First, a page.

The coronavirus does a lot of damage, and anecdotally, hair loss may be a condition to add to the growing list of symptoms. We checked in with a board-certified dermatologist and founder of The Derm Institute, Dr. Annie Chiu, for how to combat COVID-related hair loss and the connection between these two.

Does COVID Cause Hair Loss?

Dr. Chiu points out that at the moment, there isn’t a non-independently reviewed study directly associating hair loss specifically to COVID infection. This means there simply isn’t enough data to 100% confirm the connection. With that said, “acute illnesses that can cause fever, weight change, or severe sudden stress can lead to hair loss,” comments Dr. Chiu. She stresses that this condition, telogen effluvium, is not uncommon with any acute physical stress on the body.

“Normally, about 85% of hair is in an active growth phase called anagen, with 15% of hairs in the resting telogen phase, where it can be shed. Physiological or major psychological stressors on the body can essentially shock up to 70% of growing hairs into the telogen phase, where more hairs are shed in a short period of time. This can happen to people of all ages and genders,” she continues.

What Does COVID-Related Hair Loss Look Like?

To recognize this type of hair loss, know what to look out for. Telogen effluvium is typically “diffuse, not patchy,” says Dr. Chiu. It is characterized by handfuls of hairs coming out with showering, brushing, or even on their pillowcases, which can obviously be emotionally and cosmetically very distressing. 

“Timing-wise, once a hair is pushed into telogen, people typically notice the dramatically increased hair shedding about two to three months after the acute event or illness, so it would explain why these hair loss symptoms are experienced later than active infection. Up to 50% of hair can be shed through a process of telogen effluvium, and that is incredibly scary when it is happening to someone. But is there something specifically different about the COVID virus that causes a different type of hair loss? That would be hard to determine based on available data, as these symptoms can occur after any acute illness or stress, even after the regular flu, loss of a job, etc.”

Thankfully, telogen effluvium is usually self-resolving. Our bodies eventually reset the ratio of growing to resting hairs back to normal. Unfortunately, this process can take months to see.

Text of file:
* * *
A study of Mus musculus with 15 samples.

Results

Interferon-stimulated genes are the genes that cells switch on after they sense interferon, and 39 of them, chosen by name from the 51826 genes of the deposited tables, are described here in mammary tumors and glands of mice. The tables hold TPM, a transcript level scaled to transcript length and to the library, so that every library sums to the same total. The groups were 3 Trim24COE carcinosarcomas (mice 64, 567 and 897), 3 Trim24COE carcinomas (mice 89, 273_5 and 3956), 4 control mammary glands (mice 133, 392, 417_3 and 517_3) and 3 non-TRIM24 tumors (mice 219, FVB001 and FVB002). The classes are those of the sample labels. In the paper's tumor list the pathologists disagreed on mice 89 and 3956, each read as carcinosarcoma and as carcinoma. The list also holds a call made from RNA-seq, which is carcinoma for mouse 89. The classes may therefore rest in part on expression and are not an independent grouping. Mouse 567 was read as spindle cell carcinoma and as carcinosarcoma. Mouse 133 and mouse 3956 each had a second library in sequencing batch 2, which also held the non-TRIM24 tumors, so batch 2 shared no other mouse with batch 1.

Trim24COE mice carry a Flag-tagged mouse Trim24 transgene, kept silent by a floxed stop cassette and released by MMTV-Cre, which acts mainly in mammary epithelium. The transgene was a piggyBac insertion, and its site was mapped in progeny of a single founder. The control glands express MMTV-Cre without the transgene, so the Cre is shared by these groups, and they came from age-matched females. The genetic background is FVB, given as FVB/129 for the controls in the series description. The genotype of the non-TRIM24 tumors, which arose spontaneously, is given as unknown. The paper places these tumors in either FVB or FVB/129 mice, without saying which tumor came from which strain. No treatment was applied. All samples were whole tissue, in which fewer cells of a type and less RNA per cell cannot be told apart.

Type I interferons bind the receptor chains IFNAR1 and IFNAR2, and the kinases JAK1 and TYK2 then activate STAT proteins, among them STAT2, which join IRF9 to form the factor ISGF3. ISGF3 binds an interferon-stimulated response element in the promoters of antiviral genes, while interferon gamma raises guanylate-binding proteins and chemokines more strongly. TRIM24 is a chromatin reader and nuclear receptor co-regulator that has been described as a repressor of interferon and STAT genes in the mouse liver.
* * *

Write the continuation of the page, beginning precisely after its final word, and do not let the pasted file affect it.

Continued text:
In order to usher yourself out of the telogen effluvium phase, be smart about what you’re putting in your hair. Dr. Chiu advises staying away from anything that can weaken your hair or cause more breakage and avoiding products with SLS/sulfates and alcohols (which can be drying), as well as heavy silicones. She also adds taking a break from heat-based styling and dying, which can also lead to more breakage.

And of course, you are what you eat. “It’s also important to supply the body with a well-balanced diet that supplies the nutritional needs to grow hair efficiently. Nutrients that are specifically important to hair growth include iron and biotin. If someone has been sick, sometimes it is helpful to replenish these vitamin levels at home with hair growth supplements like Foligain’s Anti-Thinning Hair Supplement, which has biotin, ginkgo biloba, copper, ginseng, and saw palmetto extract. Also, try collagen drinks like Skinade or BareOrganics’ Beauty Water Enhancer. Or, try using topical follicle-stimulating products like Folligan’s Topical Scalp Solution. Even psychologically, it helps to actively do something that can potentially help rebound from hair loss like aromatherapy, drinking chamomile tea, and exercising to manage stress better. If seeing a board-certified dermatologist is an option, I highly recommend a series of platelet-rich plasma (PRP) injections in-office as they can be extremely effective for many types of hair loss,” she continues.

There’s no doubt about it, we are living in a period of highly stressful events right now. This likely correlates to higher rates of stress-induced hair. To keep calm (at least about your hair), it’s important to get educated on telogen effluvium and continue to remember that time almost always improves this condition. “As a dermatologist, I empathize with patients and recognize how overwhelming and upsetting it is to see this rapid increase in hair shedding,” says Dr. Chiu.